Three times a year through the pandemic, Catherine Lechman dutifully logged onto her computer in an attempt to register her four-year-old son for swimming lessons.
She tried at her home pool in the Montreal borough of Pierrefonds, at two nearby municipalities and through a private service. In each instance, the spots filled up instantly.
“Since the pandemic hit, no matter where I tried, whether I wanted to drive somewhere or pay a small amount of money or a larger amount, there was just no availability to get lessons,” Lechman said.
“Now he’s going to be five, and he barely knows how to float in the water.”
Finally, Lechman was able to get her son enrolled in a lesson for the summer session, which began earlier this month.
Even then, there were only four spots available in his age group because of a lack of lifeguards on staff.
The shortage of lifeguards and instructors extends across the country, forcing many municipalities to scale back pool hours and limit the number of lessons available despite pent up demand.
WATCH | A lifeguard shortage creates problems at some pools:
The challenge of recruiting new staff
In Toronto and Ottawa, city officials had to cancel swimming lessons this summer because of staffing shortages. The waiting list in Prince George, BC, topped 700 this spring and other municipalities were also struggling to meet the demand.
In Prince Edward Islandthe province announced some beaches would be without supervision.
Advocates worry the shortage could have lasting consequences for a generation of children struggling to access swimming lessons.
“It’s definitely a short-term problem this year, and it’s going to be a medium-term problem and a longer-term problem because even if we can sort of get through the summer, there are still not enough younger pre-lifeguards in the pathway to become lifeguards,” said Barbara Byers, public education director at the Lifesaving Society of Canada.
While it’s difficult to put an exact number on it, the labor shortage seen across many industries is particularly acute among lifeguards, Byers said.
Many of those with experience have moved on to other fields, and the training required means it’s difficult to quickly hire new workers, she said.
“Over the past two years, there haven’t been any or very many new instructors and new lifeguards in the mix.”
Byers is concerned that children, particularly those from low-income families, won’t have access to swimming lessons — something she views as an essential life skill.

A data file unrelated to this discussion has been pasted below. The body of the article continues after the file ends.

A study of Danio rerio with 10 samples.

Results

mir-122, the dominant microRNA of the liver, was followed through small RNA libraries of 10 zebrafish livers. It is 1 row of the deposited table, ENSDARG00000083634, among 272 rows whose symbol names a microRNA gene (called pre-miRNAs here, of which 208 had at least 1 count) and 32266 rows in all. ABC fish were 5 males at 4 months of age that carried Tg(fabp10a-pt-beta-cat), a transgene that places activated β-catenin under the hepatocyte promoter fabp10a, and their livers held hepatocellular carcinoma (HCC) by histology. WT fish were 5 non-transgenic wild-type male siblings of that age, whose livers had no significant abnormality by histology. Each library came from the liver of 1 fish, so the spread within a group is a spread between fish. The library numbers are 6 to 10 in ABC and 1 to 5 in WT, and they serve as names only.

Her organization designates the week of July 17 National Drowning Prevention Week. Over 400 Canadians die in preventable water-related incidents annually.
“If children haven’t been taking the lessons and the parents, for obvious reasons, haven’t been able to enroll them, the worry is that they’ll get out of habit, they’ll lose the momentum to take the lessons, she said.
“You know, it’s been called like The Hunger Games, trying to get your kids into lessons.”
Higher wages, free training
Byers said governments should get inventive about ways to address the shortage — from raising the wage for instructors and lifeguards, to making the training to become one free (it can cost up to $1,000 to get certified, she said).
Some municipalities have already taken such steps. Earlier this year, the district of West Vancouver offered qualified candidates free lifeguard training worth close to $1,000 to help staff two beaches in the district. The new program also provided graduates excellent prospects of landing a job that pays almost $28 per hour.
In Quebec, a publicly funded organization called Brigade Splash visits pools, beaches and waterparks around the province to meet with staff and swimmers to spread information about how to be safe near the water.
Philippe Doucet, the head of the program, has worked as a lifeguard since 2016. One aspect of his current job is to get more young people interested in becoming a lifeguard.
“You develop leadership, self-confidence, physical fitness,” he said. “You develop all these skills and you meet new people.”
Lechman, for her part, said she hopes more young people will soon join the field.
“It’s an absolute, absolute necessity. It’s a skill that every single person should have the right to be able to have to acquire.”